United States District Court, W.D. Oklahoma
MEMORANDUM OPINION AND ORDER
T. ERWIN, UNITED STATES MAGISTRATE JUDGE
brings this action pursuant to 42 U.S.C. § 405(g) for
judicial review of the final decision of the Commissioner of
the Social Security Administration denying Plaintiff's
application for benefits under the Social Security Act. The
Commissioner has answered and filed a transcript of the
administrative record (hereinafter TR.___). The parties have
consented to jurisdiction over this matter by a United States
magistrate judge pursuant to 28 U.S.C. § 636(c).
parties have briefed their positions, and the matter is now
at issue. Based on the Court's review of the record and
the issues presented, the Court REVERSES AND
REMANDS the Commissioner's decision.
and on reconsideration, the Social Security Administration
denied Plaintiff's application for benefits. Following a
hearing, an Administrative Law Judge (ALJ) issued an
unfavorable decision. (TR. 15-25). The Appeals Council denied
Plaintiff's request for review. (TR. 1-3). Thus, the
decision of the ALJ became the final decision of the
THE ADMINISTRATIVE DECISION
followed the five-step sequential evaluation process required
by agency regulations. See Fischer-Ross v. Barnhart,
431 F.3d 729, 731 (10th Cir. 2005); 20 C.F.R. §
404.1520. At step one, the ALJ determined that Plaintiff did
not engage in substantial gainful activity between her
alleged onset date of June 4, 2015 through December 31, 2016,
her date last insured. (TR. 17). At step two, the ALJ
determined that Ms. Johnson had the following severe
impairments: arthralgias; chronic obstructive pulmonary
disease; hypertension; obesity; and Major Depressive
Disorder. (TR. 17). At step three, the ALJ found that
Plaintiff's impairments did not meet or medically equal
any of the presumptively disabling impairments listed at 20
C.F.R. Part 404, Subpart P, Appendix 1 (TR. 18).
four, the ALJ concluded that during the relevant period, Ms.
Johnson retained the residual functional capacity (RFC) to:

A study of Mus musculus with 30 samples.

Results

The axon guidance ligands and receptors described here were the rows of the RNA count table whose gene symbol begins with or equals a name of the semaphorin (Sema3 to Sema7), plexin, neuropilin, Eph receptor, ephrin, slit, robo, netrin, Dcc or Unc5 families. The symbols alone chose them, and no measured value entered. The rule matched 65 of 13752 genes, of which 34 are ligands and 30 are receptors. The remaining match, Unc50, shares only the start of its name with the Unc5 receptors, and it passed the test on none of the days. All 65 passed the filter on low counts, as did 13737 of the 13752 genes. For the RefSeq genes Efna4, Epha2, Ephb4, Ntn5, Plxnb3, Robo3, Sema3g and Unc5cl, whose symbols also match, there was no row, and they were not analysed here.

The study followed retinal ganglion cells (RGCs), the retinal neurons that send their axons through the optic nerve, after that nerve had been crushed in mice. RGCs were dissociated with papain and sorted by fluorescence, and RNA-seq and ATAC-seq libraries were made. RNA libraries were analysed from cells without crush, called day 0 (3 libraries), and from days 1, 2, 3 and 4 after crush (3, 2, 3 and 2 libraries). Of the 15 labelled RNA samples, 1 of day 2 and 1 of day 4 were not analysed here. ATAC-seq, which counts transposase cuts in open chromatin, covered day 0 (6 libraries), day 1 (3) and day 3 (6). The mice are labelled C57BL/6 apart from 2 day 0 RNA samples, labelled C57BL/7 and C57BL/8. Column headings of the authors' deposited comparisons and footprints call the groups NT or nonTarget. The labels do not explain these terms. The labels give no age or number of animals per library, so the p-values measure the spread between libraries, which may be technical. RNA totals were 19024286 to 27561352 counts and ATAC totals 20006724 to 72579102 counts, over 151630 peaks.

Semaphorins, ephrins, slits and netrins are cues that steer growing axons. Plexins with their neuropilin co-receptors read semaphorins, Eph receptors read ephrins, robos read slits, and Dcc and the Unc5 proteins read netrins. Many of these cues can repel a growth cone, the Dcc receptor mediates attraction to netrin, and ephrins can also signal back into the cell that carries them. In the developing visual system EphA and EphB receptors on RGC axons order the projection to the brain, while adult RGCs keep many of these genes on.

[P]erform light work as defined in 20 CFR 404.1567(b) except
no more than occasional exposure to extreme temperatures,
environmental, and respiratory irritants and humidity; no
more than simple, routine, repetitive tasks.
(TR. 19-20). At the administrative hearing, a vocational
expert (VE) testified that Ms. Johnson had performed past
relevant work as a “ticket seller, ” which was
classified in the Dictionary of Occupational Titles (DOT)
under code # 211.462-030. (TR. 54-55). The VE also stated
that this job was performed at the “light”
exertional level, with a specific vocational preparation
level (SVP) of 2, and was considered “unskilled”
work. (TR. 54-55). The ALJ then asked the VE whether
Plaintiff could perform this past relevant work, given the
limitations in the RFC. (TR. 55). The VE replied
affirmatively. (TR. 55). The ALJ then adopted the VE's
testimony and concluded that Ms. Johnson was not disabled at
step four. (TR. 24).
STANDARD OF REVIEW
Court reviews the Commissioner's final “decision to
determin[e] whether the factual findings are supported by
substantial evidence in the record and whether the correct
legal standards were applied.” Wilson v.
Astrue, 602 F.3d 1136, 1140 (10th Cir. 2010). Under the
“substantial evidence” standard, a court looks to
an existing administrative record and asks whether it
contains “sufficien[t] evidence” to support the
agency's factual determinations. Biestek v.
Berryhill, 139 S.Ct. 1148, 1154 (2019).
“Substantial evidence … is more than a mere
scintilla … and means only-such relevant evidence as a
reasonable mind might accept as adequate to support a
conclusion.” Biestek v. Berryhill, 139 S.Ct.
at 1154 (internal citations and quotation marks omitted).
the court considers whether the ALJ followed the applicable
rules of law in weighing particular types of evidence in
disability cases, the court will “neither reweigh the
evidence nor substitute [its] judgment for that of the
agency.” Vigil v. Colvin, 805 F.3d 1199, 1201
(10th Cir. 2015) (internal quotation marks omitted).